Reading response to Do you identify as a gamer? Gender, race, sexuality, and gamer identity, by Adrienne Shaw, which was published in New Media & Society in 2012.
Quote from the article’s Abstract:

The demand for minority representation in video games often focuses on proving that members of marginalized groups are gamers. In turn, it is asserted that the gaming industry should focus on appealing to these players via targeted content. Being targeted as a gamer, however, does not a gamer make. Identity as a gamer intersects with other identities like gender, race, and sexuality. Negative connotations about gaming lead people to not identify as gamers, and even to not play video games. This article concludes, based on interview data, that those invested in diversity in video games must focus their attention on the construction of the medium, and not the construction of the audience as such.

Labeling vs. identification… A game company or marketing firm cannot tell someone whether or not they are a gamer. Not everyone who plays games identifies as a gamer and the definition of “gamer” can vary from person to person. Companies cannot build an audience by telling people that they belong in the audience – a person does not necessarily pay attention to messages directed at an audience if they do not consider themselves part of the audience. (Ever notice how once you start researching a product, like a specific car, you all of a sudden you start seeing ads for them everywhere? They were always there, you just weren’t in the audience before – it’s selective attention.) If games companies want to diversify the gamer audience, they should not do so simply by creating games specifically for individual groups and targeting marketing at those groups. Shaw says that making “girl games” and targeting girls in marketing only distances women from mainstream games. Why? Because identifying girls as a separate market further marginalizes them. People play games, both men and women. If game companies want a more diverse audience, then they should make diverse content, not segregated content.
Shaw looks at why a person might choose to identify, or not, as a gamer. I was recently sitting in on a class where a student was asked if she identified as a gamer and she said that she does not identify as a gamer because she does not think that she plays games often enough to be considered a gamer. For her, the amount of time spent with games defines whether or not she is a gamer. She said that she thinks a person who plays games everyday is considered a gamer. I do not play games every day, but I definitely identify as a gamer — our definitions are different. Shaw says:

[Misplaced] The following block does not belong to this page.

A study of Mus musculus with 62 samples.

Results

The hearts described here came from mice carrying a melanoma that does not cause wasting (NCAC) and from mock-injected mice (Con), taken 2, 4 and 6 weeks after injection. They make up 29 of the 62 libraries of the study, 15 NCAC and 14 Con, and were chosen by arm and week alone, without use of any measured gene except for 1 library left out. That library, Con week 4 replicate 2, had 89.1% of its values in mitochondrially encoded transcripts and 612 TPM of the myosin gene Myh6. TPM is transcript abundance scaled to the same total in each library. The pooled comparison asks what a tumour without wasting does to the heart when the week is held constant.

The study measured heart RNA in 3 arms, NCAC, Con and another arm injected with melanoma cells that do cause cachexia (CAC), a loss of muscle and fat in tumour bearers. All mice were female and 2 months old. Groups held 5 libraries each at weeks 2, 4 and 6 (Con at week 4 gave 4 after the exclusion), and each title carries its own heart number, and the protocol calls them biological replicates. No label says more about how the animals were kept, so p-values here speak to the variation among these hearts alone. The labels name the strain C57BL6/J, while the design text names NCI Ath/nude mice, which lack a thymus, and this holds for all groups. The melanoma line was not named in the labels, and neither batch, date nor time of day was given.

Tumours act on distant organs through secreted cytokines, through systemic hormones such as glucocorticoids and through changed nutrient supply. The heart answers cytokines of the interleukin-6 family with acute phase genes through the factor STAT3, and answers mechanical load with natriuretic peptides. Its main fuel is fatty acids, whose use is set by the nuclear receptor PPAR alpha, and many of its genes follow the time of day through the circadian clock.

Identification recognizes that people work within contexts in which particular identities are articulated, and that inhabiting certain identity categories can shift one’s relationship with another category (e.g. being both a woman and a gamer). This type of identify theory offers a way of addressing the relationship between identity, game play, and representation in games, which does not rely on labeling players based on their actions nor over-privileging certain identity categories over others (e.g. gender over race).

Shaw recruited people to interview for her study by using an announcement that called to “hardcore gamers, casual gamers, and everyone in between.” She says that some people wondered why she wanted to interview them about gaming when they did not see themselves as a gamer. People thought they would have no insight to provide on a subject in which they do not consider themselves experts. Some interviewees were inconsistent with identifying themselves as a gamer over the course of two interviews – first identifying and then changing their mind later. Shaw says that the action of playing games is a simplistic method of labeling someone as a gamer and that “the meanings attached to ‘gamer identity’ by industry, and academic and popular discourse, shape people’s relationship with the category.” I know someone who plays games on a weekly basis, but refuses to publicly identify herself as a gamer because of the negative feedback she gets from her family (even though she has a cousin of the same age who plays more often than she does and he does not get the same feedback that she does). One of Shaw’s interviewees said she was “ambivalent about identifying as a gamer because ‘there’s that whole negative connotation that gamers are nerds.'”

Choosing to identify as a member of a particular group affects one’s relationship to others, as well as the investments one has in that identifier. When it comes to gamer identity, this investment, or lack thereof, is applied to the medium as well. People tied their opinion of whether representation in video games is important to how they felt about games in general.

I personally identify as a gamer because I enjoy playing games and doing so is a big part of my life. I publicly identify as a gamer because I hope that the stigma and “negative connotations” surrounding the gamer identity will change. I do not seek out games that are specifically marketed toward women, but I do seek out games with content that includes women. I very much agree with Shaw’s findings. Game content needs be diverse to attract a diverse audience. Pointing out that women are outside the normal scope of “gamers” by creating games that are specifically “for women” says that regular mainstream games are not for women and that this new targeted content is also not for men.
Shaw, A. (2012). Do you identify as a gamer? gender, race, sexuality, and gamer identity. New Media Society, 14(1), 28-44.